While the team, which did not even make the 2006 World Cup, losing 7-1 to Portugal in a doomed attempt to qualify, far exceeded domestic expectations by making the last four, the match against Spain proved a step too far, and the youngest team at the tournament were opened up by a skilful and experienced opponent.
After Russia beat the Netherlands 3-1 on Saturday, some 700,000 Muscovites took to the streets of the capital to celebrate a historic victory. On Thursday, as prices for Russian flags went through the roof, thousands of supporters filled bars across the country in expectation of another win and another chance to party until dawn.
The world's favorite sport is a cruel game, however, and the Russian fans, many crying, left for home in a somber mood. There were no serious disturbances reported.
"For us it's the end of the tournament and disappointment is in our heads tonight," Russia's Dutch coach, Guus Hiddink, said. "When our emotions have calmed down we will be able to say we are very proud of not just our results, but at the way the boys have played in this tournament."
Indeed, Hiddink has transformed the Russian side, rendering it virtually unrecognizable from earlier, ultra-cautious incarnations. The attacking, open soccer demonstrated by Andrei Arshavin and co against Sweden and the Netherlands has done much for the image of the national team, and even stirred global interest in the country's Premier League.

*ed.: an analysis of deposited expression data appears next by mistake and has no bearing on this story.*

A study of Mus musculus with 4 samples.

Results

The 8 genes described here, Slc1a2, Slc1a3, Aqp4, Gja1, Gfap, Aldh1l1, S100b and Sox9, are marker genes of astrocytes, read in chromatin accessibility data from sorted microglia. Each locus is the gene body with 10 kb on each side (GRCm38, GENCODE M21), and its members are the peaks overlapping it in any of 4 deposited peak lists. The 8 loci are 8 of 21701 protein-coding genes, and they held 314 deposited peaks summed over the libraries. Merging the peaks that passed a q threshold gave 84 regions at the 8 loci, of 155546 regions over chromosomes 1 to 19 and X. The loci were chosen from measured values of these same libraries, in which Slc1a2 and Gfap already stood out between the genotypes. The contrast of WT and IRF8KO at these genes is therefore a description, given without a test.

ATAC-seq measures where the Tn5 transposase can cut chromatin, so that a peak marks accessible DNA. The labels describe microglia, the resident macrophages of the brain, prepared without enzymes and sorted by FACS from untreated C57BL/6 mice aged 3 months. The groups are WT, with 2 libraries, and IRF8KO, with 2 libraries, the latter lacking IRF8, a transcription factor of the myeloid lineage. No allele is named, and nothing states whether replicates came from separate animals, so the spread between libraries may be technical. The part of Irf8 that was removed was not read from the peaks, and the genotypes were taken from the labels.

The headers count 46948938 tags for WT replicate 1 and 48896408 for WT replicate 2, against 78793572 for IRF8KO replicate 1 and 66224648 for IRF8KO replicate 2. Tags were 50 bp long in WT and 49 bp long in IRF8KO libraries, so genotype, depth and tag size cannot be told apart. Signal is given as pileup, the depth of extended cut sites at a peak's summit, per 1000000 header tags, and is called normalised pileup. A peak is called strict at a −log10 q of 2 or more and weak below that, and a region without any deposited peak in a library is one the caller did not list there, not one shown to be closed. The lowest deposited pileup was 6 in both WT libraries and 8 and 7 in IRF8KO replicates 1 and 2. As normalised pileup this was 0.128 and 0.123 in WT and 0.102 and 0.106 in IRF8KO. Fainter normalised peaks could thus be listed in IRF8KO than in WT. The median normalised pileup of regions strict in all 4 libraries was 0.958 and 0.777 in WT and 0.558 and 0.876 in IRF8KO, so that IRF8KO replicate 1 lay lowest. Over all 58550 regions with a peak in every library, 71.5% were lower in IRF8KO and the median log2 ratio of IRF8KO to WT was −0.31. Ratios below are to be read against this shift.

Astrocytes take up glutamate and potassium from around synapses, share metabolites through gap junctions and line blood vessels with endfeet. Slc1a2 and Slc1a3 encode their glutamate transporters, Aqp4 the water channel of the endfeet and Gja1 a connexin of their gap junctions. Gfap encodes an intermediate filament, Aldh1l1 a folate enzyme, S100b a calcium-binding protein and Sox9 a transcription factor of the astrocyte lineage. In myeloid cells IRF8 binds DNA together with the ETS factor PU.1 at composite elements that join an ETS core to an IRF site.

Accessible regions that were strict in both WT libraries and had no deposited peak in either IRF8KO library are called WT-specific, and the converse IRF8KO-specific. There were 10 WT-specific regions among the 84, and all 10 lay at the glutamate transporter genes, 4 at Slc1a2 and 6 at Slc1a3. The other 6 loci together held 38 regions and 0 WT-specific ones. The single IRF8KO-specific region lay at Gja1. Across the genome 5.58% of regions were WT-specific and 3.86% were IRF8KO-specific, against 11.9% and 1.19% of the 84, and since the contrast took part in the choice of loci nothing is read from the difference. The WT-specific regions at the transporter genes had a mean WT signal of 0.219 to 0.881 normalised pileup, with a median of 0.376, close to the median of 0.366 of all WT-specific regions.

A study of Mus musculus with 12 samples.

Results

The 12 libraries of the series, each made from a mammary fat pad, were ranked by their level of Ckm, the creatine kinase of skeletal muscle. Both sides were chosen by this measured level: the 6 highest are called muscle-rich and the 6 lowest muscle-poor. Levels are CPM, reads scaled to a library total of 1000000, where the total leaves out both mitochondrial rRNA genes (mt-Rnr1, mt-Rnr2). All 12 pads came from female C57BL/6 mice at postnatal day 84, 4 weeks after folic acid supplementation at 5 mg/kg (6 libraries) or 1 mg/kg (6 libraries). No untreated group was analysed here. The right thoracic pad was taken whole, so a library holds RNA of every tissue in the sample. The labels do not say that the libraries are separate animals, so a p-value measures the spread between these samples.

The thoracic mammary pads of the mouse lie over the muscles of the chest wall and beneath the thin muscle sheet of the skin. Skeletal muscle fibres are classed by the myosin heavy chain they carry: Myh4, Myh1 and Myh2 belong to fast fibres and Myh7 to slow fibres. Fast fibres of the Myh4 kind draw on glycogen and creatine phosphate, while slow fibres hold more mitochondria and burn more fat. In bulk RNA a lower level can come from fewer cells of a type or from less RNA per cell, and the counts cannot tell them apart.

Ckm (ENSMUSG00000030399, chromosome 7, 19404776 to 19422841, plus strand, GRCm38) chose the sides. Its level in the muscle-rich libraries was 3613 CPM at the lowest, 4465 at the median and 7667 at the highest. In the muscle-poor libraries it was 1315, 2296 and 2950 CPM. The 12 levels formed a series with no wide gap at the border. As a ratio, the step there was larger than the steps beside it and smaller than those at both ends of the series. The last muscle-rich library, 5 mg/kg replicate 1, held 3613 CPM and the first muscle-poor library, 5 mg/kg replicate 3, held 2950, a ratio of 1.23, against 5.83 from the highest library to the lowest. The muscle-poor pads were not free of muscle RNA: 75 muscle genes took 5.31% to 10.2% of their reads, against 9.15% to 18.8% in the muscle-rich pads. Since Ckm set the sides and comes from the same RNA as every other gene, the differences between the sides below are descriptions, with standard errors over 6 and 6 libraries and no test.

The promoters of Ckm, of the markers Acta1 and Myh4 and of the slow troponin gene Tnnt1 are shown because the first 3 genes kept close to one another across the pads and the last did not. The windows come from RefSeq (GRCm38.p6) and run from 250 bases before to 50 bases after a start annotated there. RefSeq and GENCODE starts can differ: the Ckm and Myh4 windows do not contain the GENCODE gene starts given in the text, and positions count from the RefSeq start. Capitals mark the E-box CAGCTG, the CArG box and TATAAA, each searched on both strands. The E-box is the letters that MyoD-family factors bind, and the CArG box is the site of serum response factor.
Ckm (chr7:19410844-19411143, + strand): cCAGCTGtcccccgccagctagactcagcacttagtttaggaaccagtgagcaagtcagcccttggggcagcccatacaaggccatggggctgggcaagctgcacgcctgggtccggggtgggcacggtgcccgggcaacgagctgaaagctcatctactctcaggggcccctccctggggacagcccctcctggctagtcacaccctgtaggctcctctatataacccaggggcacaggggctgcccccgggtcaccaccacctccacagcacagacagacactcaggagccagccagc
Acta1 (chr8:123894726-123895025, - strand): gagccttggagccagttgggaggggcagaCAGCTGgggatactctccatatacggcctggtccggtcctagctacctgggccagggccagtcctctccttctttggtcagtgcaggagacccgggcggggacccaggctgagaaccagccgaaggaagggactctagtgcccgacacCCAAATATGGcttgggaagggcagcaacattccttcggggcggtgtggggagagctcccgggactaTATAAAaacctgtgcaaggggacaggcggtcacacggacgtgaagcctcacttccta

The semifinal defeat was Hiddink's third at a major tournament, his Dutch team losing to Brazil on penalties in 1998, and his South Korean side going out to Germany in 2002.
"Big teams know how to use their experience, and the longer a game goes on they know they have better qualities. It was new for Korea and it's new for Russia," he commented.
Russian President Dmitry Medvedev congratulated the side on its bronze, saying that, "We had the opportunity to see the kind of soccer that we have wanted to see for a long time from our players. We hope that our performance at Euro 2008 is just the start of success for Russia, and that new victories lie ahead."
Russia's soccer chief, Vitaly Mutko, said on Friday that, "Right now we are all upset that we lost in the semifinal. But let's look back a bit - our main aim was to get out of our group, and we far exceeded that. Don't forget that we are still growing. Hiddink proved to this generation of Russian footballers that they are able to play at a high level."
"No one believed that we could achieve the results we did," said Roman Pavlyuchenko, the man Hiddink called a "sleeping giant" before the championships. "We worked a lot. The whole team was like one big family at that tournament."
The Russian team are due to arrive in Moscow at 7:00 p.m. (15:00 GMT). Spain will now face Germany in Sunday's final in Vienna.